One Australian employer found out how expensive it can be when workplace safety is not followed all the time.
The Bibra Lake, Australia steel fabrication business was fined $75,000 over an incident in which a contractor was seriously injured when a crane struck a scissor-lift on which he was working.
Metwest Steel Pty Ltd pleaded guilty to failing to provide and maintain a safe workplace for a contractor carrying out work and, by that failure, causing serious harm to an employee of the contractor, and was fined in the Fremantle Magistrates Court recently.
In October 2011, an employee of Total Hoists and Cranes Pty Ltd attended Metwest Steel to carry out repairs on one of two cranes in the workshop.
The worker stood on the work platform of a scissor-lift in order to access the control box for the crane on which he was working. The platform was raised to about six metres and the handrail was above the bottom edge of the crossbeam on the crane.
At the same time, an employee of Metwest Steel used the other crane in the workshop to lift and place a steel beam on a shelf. This moving crane collided with the stationery crane on which the Total Hoists and Cranes employee was working.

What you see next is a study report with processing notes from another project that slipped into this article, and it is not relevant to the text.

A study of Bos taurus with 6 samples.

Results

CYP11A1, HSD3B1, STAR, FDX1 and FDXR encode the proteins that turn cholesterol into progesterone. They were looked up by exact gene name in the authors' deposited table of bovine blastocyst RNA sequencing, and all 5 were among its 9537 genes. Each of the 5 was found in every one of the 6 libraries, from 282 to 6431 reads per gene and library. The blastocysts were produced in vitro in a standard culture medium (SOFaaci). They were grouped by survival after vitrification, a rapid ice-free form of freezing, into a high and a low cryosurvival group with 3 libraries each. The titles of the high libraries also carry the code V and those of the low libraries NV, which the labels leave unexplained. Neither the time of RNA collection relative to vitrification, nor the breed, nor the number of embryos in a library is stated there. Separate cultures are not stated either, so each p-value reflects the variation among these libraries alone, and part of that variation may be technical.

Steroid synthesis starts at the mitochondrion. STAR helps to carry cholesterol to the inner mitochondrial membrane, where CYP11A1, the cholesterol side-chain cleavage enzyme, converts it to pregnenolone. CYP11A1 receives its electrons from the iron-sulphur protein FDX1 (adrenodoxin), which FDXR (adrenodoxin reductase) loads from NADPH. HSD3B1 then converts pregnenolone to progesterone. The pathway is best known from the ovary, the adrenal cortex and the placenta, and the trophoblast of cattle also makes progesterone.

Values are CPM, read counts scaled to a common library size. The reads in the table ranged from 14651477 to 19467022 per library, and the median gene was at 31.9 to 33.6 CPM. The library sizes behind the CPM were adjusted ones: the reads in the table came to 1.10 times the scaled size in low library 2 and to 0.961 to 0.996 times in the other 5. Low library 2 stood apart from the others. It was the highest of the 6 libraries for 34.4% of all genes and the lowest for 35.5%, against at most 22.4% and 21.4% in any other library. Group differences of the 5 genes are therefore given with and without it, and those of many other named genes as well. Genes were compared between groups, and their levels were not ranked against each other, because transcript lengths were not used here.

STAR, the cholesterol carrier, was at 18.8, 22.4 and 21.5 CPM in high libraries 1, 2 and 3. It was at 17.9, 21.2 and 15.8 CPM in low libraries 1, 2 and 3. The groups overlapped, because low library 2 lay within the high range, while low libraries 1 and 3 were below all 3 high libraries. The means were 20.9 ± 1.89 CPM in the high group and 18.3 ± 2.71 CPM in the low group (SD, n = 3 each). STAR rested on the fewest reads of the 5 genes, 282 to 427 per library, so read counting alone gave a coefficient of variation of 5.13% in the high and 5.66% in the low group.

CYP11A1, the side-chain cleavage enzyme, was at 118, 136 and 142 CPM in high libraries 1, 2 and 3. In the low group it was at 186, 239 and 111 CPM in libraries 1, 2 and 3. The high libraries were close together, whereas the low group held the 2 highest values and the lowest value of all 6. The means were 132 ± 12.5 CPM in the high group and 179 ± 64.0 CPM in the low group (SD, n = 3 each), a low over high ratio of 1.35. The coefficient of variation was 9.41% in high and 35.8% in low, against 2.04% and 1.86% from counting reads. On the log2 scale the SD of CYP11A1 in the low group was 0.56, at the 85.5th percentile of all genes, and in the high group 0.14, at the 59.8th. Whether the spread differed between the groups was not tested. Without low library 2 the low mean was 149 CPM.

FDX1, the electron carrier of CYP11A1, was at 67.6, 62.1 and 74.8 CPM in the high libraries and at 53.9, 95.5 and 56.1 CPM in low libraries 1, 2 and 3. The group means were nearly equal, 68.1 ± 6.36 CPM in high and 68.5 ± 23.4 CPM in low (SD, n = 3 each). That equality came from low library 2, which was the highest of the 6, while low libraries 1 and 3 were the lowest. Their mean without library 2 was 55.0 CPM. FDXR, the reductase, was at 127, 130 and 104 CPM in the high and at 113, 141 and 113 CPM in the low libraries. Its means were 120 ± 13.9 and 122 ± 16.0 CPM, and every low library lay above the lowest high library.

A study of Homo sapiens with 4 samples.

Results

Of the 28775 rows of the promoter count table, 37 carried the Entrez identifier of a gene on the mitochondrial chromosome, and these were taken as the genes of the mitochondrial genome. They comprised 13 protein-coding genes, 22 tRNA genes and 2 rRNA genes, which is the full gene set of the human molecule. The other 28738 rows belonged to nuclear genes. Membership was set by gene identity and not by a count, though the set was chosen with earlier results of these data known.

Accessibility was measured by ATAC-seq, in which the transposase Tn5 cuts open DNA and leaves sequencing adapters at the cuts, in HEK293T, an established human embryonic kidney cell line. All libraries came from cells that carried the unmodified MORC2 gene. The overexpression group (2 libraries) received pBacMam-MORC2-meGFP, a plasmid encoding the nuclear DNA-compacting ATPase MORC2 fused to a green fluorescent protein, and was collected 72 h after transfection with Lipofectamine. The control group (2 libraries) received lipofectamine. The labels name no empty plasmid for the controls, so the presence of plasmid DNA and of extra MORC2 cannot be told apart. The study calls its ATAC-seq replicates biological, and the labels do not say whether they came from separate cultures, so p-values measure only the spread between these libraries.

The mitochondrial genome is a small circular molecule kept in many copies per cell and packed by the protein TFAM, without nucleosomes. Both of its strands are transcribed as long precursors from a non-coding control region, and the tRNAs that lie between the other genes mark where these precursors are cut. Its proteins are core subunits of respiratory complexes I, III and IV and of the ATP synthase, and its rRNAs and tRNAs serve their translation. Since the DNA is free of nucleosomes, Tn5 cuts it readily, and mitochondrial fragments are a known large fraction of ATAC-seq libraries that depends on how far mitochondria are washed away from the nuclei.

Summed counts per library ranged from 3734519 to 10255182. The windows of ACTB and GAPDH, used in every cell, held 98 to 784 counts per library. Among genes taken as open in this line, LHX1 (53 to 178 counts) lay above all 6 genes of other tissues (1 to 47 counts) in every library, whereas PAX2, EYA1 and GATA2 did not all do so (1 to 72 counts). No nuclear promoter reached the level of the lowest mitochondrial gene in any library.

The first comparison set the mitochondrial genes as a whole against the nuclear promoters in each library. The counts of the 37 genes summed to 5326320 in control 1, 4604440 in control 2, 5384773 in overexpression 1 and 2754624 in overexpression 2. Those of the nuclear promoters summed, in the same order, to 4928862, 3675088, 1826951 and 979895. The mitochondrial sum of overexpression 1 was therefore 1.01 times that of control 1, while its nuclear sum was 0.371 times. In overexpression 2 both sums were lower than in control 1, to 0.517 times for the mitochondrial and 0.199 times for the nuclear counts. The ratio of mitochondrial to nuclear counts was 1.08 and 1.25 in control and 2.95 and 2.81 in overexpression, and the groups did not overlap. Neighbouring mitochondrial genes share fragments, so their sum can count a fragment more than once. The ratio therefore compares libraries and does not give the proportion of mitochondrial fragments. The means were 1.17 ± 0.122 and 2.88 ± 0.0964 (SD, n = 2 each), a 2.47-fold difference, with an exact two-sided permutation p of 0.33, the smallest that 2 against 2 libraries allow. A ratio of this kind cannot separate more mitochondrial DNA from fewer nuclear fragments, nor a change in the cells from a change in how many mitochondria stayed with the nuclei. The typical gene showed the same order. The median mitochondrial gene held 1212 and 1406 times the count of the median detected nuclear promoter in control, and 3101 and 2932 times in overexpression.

The collision moved the crane, which then pushed the handrail of the scissor-lift and tipped it over, causing the man standing on it to fall around six meters.
An employee of Metwest Steel who was welding approximately four meters away was knocked down by the falling scissor-lift, but was not seriously injured.
The Total Hoists and Cranes employee suffered complete paraplegia.
Commissioner Notes Shocking Example of Safety Failure
WorkSafe WA Commissioner Lex McCulloch said recently the case was a shocking example of a failure to ensure that safe systems of work were in place.
“The court heard that anti-collision devices were fitted at a cost of little more than $2,000 after this incident,” McCulloch said.
“It would have been entirely practicable and not overly expensive to have had these devices fitted earlier, avoiding the tragic incident that ultimately took place and the devastating permanent injury that was caused.
“This case should serve as a reminder that thorough risk assessments need to be undertaken in every workplace and that safe systems of work need to be in place.
“It is also a reminder that anyone who is in control of a workplace is responsible for the safety and health of not only their own employees, but also workers from other companies contracted to undertake tasks in their workplace.”
Author Kori Shafer-Stack, Editor, Amaxx Risk Solutions, Inc. is an expert in post-injury response procedures and part of the Amaxx team helping companies reduce their workers compensation costs by 20% to 50%. www.reduceyourworkerscomp.com. Contact: email@example.com.